Dr. Davids Discusses Frontline Approaches in CLL

Matthew S. Davids, MD, MMSc
Published: Friday, Mar 08, 2019



Matthew S. Davids, MD, MMSc, associate director, CLL Center, Dana-Farber Cancer Institute, assistant professor of medicine, Harvard Medical School, discusses frontline treatment approaches for patients with chronic lymphocytic leukemia (CLL).

There are several effective options available for patients in this setting, Davids says. Historically, patients were treated with chemoimmunotherapy-based regimens, but newer drugs such as the BTK inhibitor ibrutinib (Imbruvica) and the BCL2 inhibitor venetoclax (Venclexta) are coming through the pipeline. An important treatment-driving factor is whether or not the patient has deletion 17p. If patients have this high-risk marker, physicians are more likely to use a novel, ibrutinib-based treatment approach, Davids says.

If patients have lower-risk disease—particularly IGHV mutations—traditional chemoimmunotherapy regimens are still the standard of care. For young, fit patients, the triplet of fludarabine, cyclophosphamide, and rituximab (Rituxan; FCR) could even have curative potential. For the patients who are somewhere in the middle of high risk and good prognosis, physicians should consider several individual factors to decide between FCR and venetoclax- or ibrutinib-based regimens.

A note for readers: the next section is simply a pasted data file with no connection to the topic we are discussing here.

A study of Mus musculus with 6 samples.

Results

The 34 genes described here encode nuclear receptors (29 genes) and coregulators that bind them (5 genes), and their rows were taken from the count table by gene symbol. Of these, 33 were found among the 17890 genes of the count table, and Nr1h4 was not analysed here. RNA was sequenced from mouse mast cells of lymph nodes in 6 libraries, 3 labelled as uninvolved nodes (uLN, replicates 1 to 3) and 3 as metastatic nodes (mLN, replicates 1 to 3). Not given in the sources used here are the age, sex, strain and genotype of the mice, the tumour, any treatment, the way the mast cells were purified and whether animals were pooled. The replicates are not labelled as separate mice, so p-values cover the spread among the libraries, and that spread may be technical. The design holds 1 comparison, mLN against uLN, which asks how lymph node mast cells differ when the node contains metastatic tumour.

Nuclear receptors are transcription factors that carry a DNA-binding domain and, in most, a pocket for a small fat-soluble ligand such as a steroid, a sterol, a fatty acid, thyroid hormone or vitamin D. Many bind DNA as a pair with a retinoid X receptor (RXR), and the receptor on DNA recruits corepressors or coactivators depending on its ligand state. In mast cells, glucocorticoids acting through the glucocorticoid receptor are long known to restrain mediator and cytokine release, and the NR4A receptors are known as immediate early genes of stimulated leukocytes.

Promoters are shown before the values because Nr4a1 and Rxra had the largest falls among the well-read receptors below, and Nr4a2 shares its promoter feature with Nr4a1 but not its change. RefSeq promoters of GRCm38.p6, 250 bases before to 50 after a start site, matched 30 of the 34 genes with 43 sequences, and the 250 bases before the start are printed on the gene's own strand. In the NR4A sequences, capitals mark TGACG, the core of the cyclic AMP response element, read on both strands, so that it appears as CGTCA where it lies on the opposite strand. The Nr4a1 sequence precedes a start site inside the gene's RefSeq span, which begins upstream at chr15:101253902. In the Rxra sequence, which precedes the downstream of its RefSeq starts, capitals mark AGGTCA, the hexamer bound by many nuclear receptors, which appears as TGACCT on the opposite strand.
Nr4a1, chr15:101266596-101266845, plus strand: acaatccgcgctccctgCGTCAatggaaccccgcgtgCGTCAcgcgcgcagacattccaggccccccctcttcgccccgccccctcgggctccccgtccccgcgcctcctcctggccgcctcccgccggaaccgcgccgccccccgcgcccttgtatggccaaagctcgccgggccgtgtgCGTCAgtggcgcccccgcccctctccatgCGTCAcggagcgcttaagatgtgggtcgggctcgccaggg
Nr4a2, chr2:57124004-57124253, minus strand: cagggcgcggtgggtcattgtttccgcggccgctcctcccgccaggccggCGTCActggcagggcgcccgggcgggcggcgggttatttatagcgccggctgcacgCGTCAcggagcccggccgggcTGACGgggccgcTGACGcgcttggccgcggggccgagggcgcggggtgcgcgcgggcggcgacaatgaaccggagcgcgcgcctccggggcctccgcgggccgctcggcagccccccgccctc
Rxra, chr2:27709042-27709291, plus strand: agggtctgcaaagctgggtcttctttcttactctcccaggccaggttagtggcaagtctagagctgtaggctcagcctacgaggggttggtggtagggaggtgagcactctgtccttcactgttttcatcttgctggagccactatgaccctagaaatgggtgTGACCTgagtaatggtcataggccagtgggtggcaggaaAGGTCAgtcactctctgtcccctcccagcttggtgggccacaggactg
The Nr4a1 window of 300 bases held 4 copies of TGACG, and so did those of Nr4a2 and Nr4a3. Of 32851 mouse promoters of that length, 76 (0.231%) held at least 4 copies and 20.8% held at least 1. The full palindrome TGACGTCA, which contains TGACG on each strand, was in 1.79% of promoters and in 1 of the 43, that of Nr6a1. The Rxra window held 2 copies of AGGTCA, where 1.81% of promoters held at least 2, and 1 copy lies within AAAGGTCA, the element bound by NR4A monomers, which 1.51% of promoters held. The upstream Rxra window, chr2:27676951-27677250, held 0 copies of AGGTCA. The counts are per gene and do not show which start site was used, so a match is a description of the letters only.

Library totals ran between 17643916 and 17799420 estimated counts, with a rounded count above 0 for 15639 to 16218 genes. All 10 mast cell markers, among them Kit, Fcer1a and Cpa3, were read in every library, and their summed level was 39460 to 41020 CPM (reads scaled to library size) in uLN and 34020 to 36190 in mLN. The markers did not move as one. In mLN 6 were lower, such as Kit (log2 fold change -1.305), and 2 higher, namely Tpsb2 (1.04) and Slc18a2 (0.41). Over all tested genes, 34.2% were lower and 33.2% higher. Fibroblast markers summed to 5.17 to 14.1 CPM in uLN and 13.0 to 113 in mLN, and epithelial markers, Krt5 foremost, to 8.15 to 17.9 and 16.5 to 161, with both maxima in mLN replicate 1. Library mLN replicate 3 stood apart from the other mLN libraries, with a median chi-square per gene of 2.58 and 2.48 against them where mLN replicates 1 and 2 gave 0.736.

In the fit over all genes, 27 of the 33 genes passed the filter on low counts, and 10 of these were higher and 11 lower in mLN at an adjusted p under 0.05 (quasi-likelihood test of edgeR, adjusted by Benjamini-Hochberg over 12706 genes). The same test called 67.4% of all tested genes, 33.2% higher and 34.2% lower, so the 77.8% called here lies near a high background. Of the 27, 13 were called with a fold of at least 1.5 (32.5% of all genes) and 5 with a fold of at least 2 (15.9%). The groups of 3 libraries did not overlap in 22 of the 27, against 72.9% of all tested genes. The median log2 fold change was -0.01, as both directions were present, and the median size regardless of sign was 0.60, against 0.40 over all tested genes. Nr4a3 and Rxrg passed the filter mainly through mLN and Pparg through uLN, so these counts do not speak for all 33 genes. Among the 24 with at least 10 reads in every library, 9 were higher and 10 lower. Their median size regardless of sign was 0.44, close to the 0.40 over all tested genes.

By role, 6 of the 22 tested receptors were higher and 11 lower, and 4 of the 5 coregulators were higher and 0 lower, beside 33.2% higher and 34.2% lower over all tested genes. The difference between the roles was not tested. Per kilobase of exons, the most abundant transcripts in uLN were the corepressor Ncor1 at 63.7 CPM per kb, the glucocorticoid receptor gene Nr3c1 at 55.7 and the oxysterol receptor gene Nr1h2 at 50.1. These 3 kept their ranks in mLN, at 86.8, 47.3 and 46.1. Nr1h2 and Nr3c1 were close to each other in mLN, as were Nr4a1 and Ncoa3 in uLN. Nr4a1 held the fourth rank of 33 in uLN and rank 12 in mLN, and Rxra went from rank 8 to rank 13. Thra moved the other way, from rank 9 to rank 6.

There are several effective options available for patients in this setting, Davids says. Historically, patients were treated with chemoimmunotherapy-based regimens, but newer drugs such as the BTK inhibitor ibrutinib (Imbruvica) and the BCL2 inhibitor venetoclax (Venclexta) are coming through the pipeline. An important treatment-driving factor is whether or not the patient has deletion 17p. If patients have this high-risk marker, physicians are more likely to use a novel, ibrutinib-based treatment approach, Davids says.

If patients have lower-risk disease—particularly IGHV mutations—traditional chemoimmunotherapy regimens are still the standard of care. For young, fit patients, the triplet of fludarabine, cyclophosphamide, and rituximab (Rituxan; FCR) could even have curative potential. For the patients who are somewhere in the middle of high risk and good prognosis, physicians should consider several individual factors to decide between FCR and venetoclax- or ibrutinib-based regimens.